DVT (Deep Vein Thrombosis)

Q: What is a DVT?

Ans:-A deep vein thrombosis (DVT) is the formation of a blood clot in a deep vein, most commonly in the leg but it can also occur in the arm. The vein can be either partially or completely blocked.


Q: How common is DVT?

Ans:- Every year, DVT occurs in about 1 in 1000 people in the general population: ranging from 1 in several thousand people under the age of 20 years, up to 1 in 100 in those aged over 80 years.


Q: What causes DVT?

Ans:-Normally, blood flows smoothly through the veins without clotting. Clots develop in the body when the blood cells are triggered to clump together. The formation of DVT clots can be triggered by a combination of factors including:


• Reduced blood flow through the veins increases the likelihood of blood cells sticking together. When people are immobile for a long period of time a DVT can form, eg as a result of being bed bound after an accident, surgery or illness, during long-distance travel (air, car, coach or train) or any situation which reduces mobility.

• Changes in the clotting mechanism of the blood caused by pregnancy, some drug treatments and an inherited tendency to clot. This can make the blood cells stickier.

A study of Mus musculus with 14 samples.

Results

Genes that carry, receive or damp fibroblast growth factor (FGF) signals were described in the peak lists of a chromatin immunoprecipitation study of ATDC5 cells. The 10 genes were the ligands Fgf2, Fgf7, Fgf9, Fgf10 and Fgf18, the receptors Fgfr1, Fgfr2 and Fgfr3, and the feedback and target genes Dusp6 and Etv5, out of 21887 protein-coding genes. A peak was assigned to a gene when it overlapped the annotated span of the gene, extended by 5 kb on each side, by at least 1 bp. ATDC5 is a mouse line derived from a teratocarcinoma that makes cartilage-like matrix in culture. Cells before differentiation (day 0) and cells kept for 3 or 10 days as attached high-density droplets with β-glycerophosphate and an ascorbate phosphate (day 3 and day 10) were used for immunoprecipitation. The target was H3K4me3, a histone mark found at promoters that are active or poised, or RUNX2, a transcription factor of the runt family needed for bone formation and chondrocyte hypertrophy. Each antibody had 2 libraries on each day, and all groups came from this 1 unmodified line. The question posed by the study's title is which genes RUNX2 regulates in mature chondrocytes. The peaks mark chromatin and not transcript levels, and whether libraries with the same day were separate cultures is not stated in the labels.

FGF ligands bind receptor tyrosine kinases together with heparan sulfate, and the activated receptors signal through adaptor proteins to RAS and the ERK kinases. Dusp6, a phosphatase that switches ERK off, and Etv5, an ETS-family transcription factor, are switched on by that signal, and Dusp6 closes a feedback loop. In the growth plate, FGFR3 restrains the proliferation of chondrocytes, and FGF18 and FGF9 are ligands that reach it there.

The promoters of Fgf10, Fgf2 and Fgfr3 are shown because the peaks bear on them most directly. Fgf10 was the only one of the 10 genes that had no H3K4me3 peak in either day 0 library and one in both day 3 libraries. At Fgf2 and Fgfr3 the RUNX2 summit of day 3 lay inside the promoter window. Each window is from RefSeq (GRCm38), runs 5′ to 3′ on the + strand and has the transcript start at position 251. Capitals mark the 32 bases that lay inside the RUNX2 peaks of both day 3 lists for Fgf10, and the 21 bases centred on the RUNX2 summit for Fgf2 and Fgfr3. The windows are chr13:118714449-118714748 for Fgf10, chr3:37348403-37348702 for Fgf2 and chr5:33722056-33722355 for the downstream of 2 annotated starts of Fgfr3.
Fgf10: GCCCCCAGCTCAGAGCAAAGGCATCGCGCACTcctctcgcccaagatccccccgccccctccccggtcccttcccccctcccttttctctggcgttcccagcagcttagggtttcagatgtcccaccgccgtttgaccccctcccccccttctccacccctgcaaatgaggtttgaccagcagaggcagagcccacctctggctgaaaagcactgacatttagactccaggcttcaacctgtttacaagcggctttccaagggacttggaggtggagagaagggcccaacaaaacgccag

• Damage to the lining of the blood vessel wall This can trigger blood cells to stick to the lining in an attempt to mend it eg after surgical procedures, trauma or inflammation.


Q: Who is most likely to get a DVT?

Ans:- 90 to 95% of all those people who develop DVT or pulmonary embolism are in the following groups:

• Age: people aged over 40 years

• Previous history: people who have had a previous DVT or PE

• Existing health problems: recent treatment for cancer, recent surgery, especially on the pelvis, hips or knees

• Hormonal changes in women: women who are pregnant or have recently had a baby; women who are taking the contraceptive pill or are on hormone replacement therapy (HRT).

• Inherited risk: people who have an inherited clotting tendency or who have a family history of blood clots Some people do not have any of these risk factors but still develop a DVT, which is why it is useful to know some of the symptoms (see below) so you can seek early advice.


Q: How will I know that I have a DVT?

Ans:- DVT is difficult to diagnose. The symptoms are usually sudden (acute) and may include

  • pain and tenderness in the leg
  • swelling in the leg (this is different from the mild ankle swelling that many people get during long-haul flights)
  • redness and /or discolouration in the leg
  • being unable to weight bear (if the clot is in the leg). DVT nearly always affects one leg only. If a DVT is associated with a journey, these symptoms may develop hours or even days later.

Q: Is treatment always necessary for a DVT?

Ans:- DVT is a serious condition and needs urgent investigation and treatment.


Q: If I am concerned what should I do?

Ans:- You should see your general practitioner (GP) urgently for a medical assessment. If, for any reason you cannot be seen by your GP, you should go to your nearest Emergency Department.


Q: If I am found to have a DVT, what will happen next?

Ans:- If we find you have a DVT, we will arrange a medical assessment in the Emergency Assessment Unit. Most patients are suitable for outpatient management by the Thrombosis Treatment Team.

You will need to return to the Thrombosis Treatment Team for daily blood monitoring for an average of 5-6 days.